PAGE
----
Sikh on Wheels

By Delores Hanney

He’s practically the living logo of our town, the rolling symbol of Venice eccentricity known far and wide. Rambling about northward and south, strumming his tunes flush with abundant distortion and wrapped around his particular form of poetry, he’s been a boardwalk fixture here since 1974.

Just a few years earlier – at the age of nineteen – Harry Perry was part of the Detroit cast of the quintessential sixties stage musical, Hair. Before and after this he was the leader and moving spirit of a local cover band. He became part of the stream of Motown music makers migrating to Southern California’s salubrious sunshine. Once arrived, it was his pal Antonio “Tony” Newton, of Smokey Robinson and the Miracles fame, who suggested Perry take himself off to Ocean Front Walk and “just go play.”

Music, that is.

His act, as it were, evolved. A friend named Alice hatched the notion that put him on skates and bought his first pair. From roller skates he matriculated to rollerblades then to LandRollers, those puppies with two large wheels slightly inclined. His original Les Paul guitar was amplified by the juice of six Radio Shack rechargeable AA batteries but when another friend engineered and wired him up with a power pack fast charger he said he felt like Iron Man coming into his power, able now to wheel about intrepidly transmitting his electrified sounds with scarcely a concern for broadcast capacity.

In a turban and the robe of a holy man, when he first fell onto my radar I just assumed Perry was all tricked out in his own personal version of street performer drag. But I was wrong! He’s the real deal. An actual Sikh. For many years till the yogi’s death, he was a student of Yogi Bhajan who brought Kundalini yoga to the west in 1968 and inspired multitudes to live in their excellence.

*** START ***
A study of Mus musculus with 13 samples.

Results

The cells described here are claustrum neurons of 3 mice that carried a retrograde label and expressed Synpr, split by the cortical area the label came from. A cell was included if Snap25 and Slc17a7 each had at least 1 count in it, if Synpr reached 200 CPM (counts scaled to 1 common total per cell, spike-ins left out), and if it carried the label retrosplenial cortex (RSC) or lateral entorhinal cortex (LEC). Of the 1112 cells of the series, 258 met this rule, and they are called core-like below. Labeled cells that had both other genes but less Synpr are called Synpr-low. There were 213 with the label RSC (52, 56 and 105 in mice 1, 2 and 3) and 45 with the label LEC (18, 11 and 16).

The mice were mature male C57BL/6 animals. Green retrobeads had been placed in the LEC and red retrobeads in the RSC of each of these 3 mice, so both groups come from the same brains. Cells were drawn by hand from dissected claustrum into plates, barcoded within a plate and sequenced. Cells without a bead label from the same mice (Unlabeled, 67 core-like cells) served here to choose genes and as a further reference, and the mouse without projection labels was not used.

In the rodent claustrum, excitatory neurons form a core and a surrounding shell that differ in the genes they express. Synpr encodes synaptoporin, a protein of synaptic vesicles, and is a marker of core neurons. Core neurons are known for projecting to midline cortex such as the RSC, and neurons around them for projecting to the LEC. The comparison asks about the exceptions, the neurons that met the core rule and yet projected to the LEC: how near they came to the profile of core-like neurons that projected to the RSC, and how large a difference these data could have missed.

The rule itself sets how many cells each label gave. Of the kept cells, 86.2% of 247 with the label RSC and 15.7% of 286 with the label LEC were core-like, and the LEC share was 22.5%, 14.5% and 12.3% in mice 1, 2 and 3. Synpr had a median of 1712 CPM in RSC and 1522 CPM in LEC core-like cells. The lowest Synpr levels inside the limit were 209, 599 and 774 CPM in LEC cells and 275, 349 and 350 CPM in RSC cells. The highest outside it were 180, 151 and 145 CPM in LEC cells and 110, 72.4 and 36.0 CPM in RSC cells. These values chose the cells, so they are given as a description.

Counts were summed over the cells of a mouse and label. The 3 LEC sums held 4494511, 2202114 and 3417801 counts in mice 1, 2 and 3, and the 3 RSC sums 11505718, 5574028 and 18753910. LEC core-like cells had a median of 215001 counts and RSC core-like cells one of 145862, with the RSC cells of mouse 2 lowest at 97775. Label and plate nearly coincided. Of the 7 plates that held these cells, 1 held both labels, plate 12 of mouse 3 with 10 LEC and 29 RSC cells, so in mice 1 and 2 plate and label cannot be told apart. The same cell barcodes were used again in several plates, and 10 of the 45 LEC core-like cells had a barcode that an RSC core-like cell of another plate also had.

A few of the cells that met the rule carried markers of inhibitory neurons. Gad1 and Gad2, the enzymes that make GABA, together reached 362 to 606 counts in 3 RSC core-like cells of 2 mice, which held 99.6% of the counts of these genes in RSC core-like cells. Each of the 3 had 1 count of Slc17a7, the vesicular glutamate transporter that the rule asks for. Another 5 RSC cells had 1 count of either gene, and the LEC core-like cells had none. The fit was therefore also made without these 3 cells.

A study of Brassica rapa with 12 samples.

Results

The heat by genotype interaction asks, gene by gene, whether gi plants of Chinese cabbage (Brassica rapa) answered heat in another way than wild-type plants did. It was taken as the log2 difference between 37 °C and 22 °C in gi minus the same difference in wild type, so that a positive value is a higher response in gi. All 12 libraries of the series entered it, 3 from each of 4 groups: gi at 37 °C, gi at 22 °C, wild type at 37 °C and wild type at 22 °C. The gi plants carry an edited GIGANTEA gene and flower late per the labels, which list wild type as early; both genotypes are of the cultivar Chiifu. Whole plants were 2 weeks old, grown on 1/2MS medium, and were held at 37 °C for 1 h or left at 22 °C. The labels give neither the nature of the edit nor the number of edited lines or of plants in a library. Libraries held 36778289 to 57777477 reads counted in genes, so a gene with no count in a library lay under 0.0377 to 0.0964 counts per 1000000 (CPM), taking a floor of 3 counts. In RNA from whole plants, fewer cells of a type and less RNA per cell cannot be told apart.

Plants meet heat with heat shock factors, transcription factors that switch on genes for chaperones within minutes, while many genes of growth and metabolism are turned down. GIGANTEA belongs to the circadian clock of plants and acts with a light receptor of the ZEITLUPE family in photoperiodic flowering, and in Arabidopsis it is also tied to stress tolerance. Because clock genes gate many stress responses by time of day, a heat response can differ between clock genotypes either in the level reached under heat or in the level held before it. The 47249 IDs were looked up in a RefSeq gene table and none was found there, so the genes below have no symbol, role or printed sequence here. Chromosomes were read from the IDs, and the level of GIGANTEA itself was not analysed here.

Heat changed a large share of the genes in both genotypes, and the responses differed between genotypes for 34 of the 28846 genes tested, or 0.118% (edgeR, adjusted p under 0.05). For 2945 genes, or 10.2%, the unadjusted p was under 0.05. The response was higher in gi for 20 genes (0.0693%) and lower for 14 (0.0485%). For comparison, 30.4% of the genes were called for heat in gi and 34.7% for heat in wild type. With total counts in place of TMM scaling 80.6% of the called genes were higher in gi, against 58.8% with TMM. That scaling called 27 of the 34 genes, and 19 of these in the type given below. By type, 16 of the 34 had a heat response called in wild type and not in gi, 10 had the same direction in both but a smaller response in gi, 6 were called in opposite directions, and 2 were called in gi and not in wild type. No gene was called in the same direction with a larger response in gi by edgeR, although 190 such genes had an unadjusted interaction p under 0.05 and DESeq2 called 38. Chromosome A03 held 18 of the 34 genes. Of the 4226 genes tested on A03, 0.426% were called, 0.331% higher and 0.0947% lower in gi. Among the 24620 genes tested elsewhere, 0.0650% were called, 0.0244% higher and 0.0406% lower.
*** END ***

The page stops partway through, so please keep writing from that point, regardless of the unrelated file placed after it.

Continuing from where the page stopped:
This suited Perry right down to his toes. He’s the offspring of very well educated parents whose idea of a good time was debating all manner of issues all night with a bevy of brainy friends. It grounded him in a mind-exercising practice that instilled the confidence, the creativity and the wits to fashion a lifeway in harmony with his bliss. Hallmarks of living said bliss include never having to ask for a job, no one to fire him and the maintainment of full control of his brand, down to producing his own recordings.

On an ordinary day, he’s to be found at Gold’s gym by 4:00 or 5:00 a.m., doing stretches, working weights in anticipation of a ten to twenty mile run, depending on the day’s agenda. This, along with yoga, fuels the high-octane needs to sustain the physical and psychic peak demanded by his public personahood. Most days, especially in summer, running segues into long hours at the beach riding the vibes of Ocean Front Walk. Making his music. Making the rent. Afterwards he might scoot off to a park or some other venue to set up his massive array of musical equipment and put on a concert in his Kama Kosmic Krusader guise. “Kama Sutra with a guitar,” he calls it.

In the 1990s a certain flowering of quirkiness-diluting gentrification commenced in Venice supported by the drive to squish its more exotic nature. L.A. Municipal Code Section 42.15 disallowed hawking, peddling or vending stuff on the Venice Beach boardwalk, an obstacle to Perry’s sale of his records, T-shirts and what have you. The named plaintiff in an oppositional class action suit based on the constitutional guarantee of freedom of expression, commerce and congregation, Perry fought back and prevailed upon appeal. The Los Angeles City Council simply roared into action again with more specific codified restrictions acutely curtailing boardwalk performance. Twenty years later the battle over First Amendment rights still roils on, though Perry himself is seldom hassled.

His status as an icon means You Tube is full of him. His image is blithely bandied about on postcards and murals. There’s a statue of him at the California Adventure theme park. He had cameo roles in movies such as Fletch, White Men Can’t Jump and The Gift, television’s CSI too, serving as a signifying element to establish authenticity of place. Incredibly he appeared in TV commercials for Primo Milk in New Zealand, of all places. Tourists from there are always antsy pantsy to make his acquaintance upon visiting here.

As the unofficial front man in the street entertainer tradition that’s been operational in elevating Venice to its position as a SoCal tourist draw surpassed solely by Disneyland, Harry Perry is a legend in his time.